The Special Opportunity that Franchising Represents
Being an entrepreneur is the hot thing nowadays. The incredible success of startups in Silicon Valley by people who dropped out of school or quit their old jobs has led lots of other people to believe that they can do the same. The problem is, reality sets in when you're actually owning the business - it's freaking hard! It requires very long work weeks, there's a ton of stress involved, and you're basically living in poverty until the business turns a profit. These new business owners will sometimes romanticize their struggle, but make no mistake: trying to strike out on your own is a lot harder than it looks.
Conversely, being an ordinary worker who reports to somebody else carries its own set of downsides. Sure, it's stable and predictable, but you're unlikely to get anywhere significant. Plus, you aren't ever going to get rich by working for somebody else. While some people are content with being a cog in the machine, others want more out of life. Whether it's a greater earning potential, the freedom to set their own hours, or even just to get away from a bad boss, owning a business offers the potential to have all of the above...or none of it, if the business goes under.
What if we told you that there was a third way? A way in which you could be a business owner of sorts, but operating under the safety and guise of a well-established company. If that's exactly what you want, then franchising is the answer. When deciding what career moves to make, franchising is often overlooked as an option. The point of this article is to show you that franchising can actually be quite worthwhile if done right. Franchisees have an overall higher success rate than fully independent business owners, and they earn more than the average worker.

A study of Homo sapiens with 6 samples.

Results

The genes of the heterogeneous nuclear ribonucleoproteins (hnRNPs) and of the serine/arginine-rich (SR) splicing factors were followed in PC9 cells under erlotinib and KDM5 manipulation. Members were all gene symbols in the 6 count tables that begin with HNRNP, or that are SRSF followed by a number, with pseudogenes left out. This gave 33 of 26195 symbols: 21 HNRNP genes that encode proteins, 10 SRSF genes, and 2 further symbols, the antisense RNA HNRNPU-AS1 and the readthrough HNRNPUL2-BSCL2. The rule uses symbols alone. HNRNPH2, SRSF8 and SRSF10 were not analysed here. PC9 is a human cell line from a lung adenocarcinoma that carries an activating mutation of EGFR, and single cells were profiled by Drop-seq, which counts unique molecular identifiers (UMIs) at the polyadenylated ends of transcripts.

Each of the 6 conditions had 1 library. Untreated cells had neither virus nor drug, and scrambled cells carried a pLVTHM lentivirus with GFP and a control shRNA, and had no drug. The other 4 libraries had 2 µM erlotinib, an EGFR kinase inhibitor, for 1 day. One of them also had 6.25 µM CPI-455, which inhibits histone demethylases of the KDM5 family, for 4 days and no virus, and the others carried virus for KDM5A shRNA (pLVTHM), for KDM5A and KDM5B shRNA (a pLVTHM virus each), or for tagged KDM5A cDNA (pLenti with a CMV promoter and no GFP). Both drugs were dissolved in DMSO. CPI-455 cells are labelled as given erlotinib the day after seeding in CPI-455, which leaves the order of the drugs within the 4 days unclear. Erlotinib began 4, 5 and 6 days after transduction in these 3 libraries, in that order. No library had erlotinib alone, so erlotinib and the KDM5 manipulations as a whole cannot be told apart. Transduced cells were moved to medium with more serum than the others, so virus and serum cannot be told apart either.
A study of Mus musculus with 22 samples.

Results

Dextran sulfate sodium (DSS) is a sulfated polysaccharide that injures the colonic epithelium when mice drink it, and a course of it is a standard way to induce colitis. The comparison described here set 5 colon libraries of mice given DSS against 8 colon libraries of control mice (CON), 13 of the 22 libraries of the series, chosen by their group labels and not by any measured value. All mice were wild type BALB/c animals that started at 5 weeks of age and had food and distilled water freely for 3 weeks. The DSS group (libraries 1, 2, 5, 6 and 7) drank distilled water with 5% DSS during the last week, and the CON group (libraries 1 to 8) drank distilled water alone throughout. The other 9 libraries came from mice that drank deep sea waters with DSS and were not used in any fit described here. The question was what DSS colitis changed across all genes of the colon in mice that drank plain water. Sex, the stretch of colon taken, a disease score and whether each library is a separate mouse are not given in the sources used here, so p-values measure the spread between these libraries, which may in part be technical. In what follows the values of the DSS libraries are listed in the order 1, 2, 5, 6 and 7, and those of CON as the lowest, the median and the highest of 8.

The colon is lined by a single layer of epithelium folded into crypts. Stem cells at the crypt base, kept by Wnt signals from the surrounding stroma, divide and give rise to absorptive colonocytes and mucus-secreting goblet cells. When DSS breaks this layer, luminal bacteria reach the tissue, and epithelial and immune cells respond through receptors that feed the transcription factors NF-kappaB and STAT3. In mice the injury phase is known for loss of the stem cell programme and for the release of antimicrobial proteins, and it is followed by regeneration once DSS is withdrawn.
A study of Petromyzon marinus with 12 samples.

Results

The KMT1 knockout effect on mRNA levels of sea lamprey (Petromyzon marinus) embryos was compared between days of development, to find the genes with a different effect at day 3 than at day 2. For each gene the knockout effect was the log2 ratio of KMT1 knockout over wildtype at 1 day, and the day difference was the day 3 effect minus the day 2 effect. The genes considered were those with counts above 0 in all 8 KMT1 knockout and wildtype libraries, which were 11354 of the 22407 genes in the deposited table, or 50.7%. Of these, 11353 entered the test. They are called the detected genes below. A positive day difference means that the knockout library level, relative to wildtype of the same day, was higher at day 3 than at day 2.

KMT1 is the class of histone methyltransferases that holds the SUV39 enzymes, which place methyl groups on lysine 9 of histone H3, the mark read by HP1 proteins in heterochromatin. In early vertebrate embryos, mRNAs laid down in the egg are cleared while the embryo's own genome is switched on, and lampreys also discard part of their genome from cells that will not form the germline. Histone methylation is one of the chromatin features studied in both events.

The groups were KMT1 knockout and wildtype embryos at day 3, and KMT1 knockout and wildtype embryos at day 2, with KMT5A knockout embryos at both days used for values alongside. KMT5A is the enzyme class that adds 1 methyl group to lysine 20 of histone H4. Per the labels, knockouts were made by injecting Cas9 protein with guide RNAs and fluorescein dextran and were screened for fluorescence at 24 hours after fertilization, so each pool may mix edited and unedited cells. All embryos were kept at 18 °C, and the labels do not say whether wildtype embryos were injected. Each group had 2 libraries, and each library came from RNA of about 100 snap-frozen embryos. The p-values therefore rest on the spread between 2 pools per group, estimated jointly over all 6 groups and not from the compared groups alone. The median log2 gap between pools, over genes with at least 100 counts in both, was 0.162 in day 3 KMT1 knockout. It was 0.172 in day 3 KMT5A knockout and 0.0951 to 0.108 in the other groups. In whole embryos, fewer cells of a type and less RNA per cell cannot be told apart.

For starters, franchisors already have things figured out. When you open a business for the very first time, you are truly starting from scratch. You have no established operational procedures, no method of training new employees, no established brand name, no initial income, and no support if business takes a turn for the worse. Franchising lets you be the owner of your own store without having to take most of the initial risks. This is a big part of why franchisees do so well in the long run - most independent businesses fail within the first year, and having your groundwork laid out for you makes a huge difference.
Another point to consider is that the barriers for entry are typically quite low. The only exception to this is that of restaurant franchises, but the startup costs for these types of businesses will be high regardless. Most franchises only cost around 20-30,000 dollars to open, which isn't too expensive when compared with the cost of opening up an independent business. On top of that, your parent company will often help you cover the initial startup costs, such as rent, labor, and initial stocking.
This leads us to our next point - economy of scale. When franchisees purchase goods, they are doing so under the umbrella of their parent company. Depending on how large the franchisor is, you may be able to get a reduced cost on some of your raw goods. These discounts are not available to independent business, and it often explains why their goods and services cost more. Large companies have figured out the ways to get the lowest prices on most of your materials, which allows you to price your goods more competitively.
Ultimately, you know what you want out of life. Franchising is a great opportunity for people looking to strike out on their own with some support along the way, but not everybody is looking for that specific mixture of ingredients. If you're content with being a worker, that's perfectly fine. If you're looking for true independence and the potential for unlimited riches, then being your own business owner works too. Just don't forget that franchising offers a lot that neither of the aforementioned two paths can provide.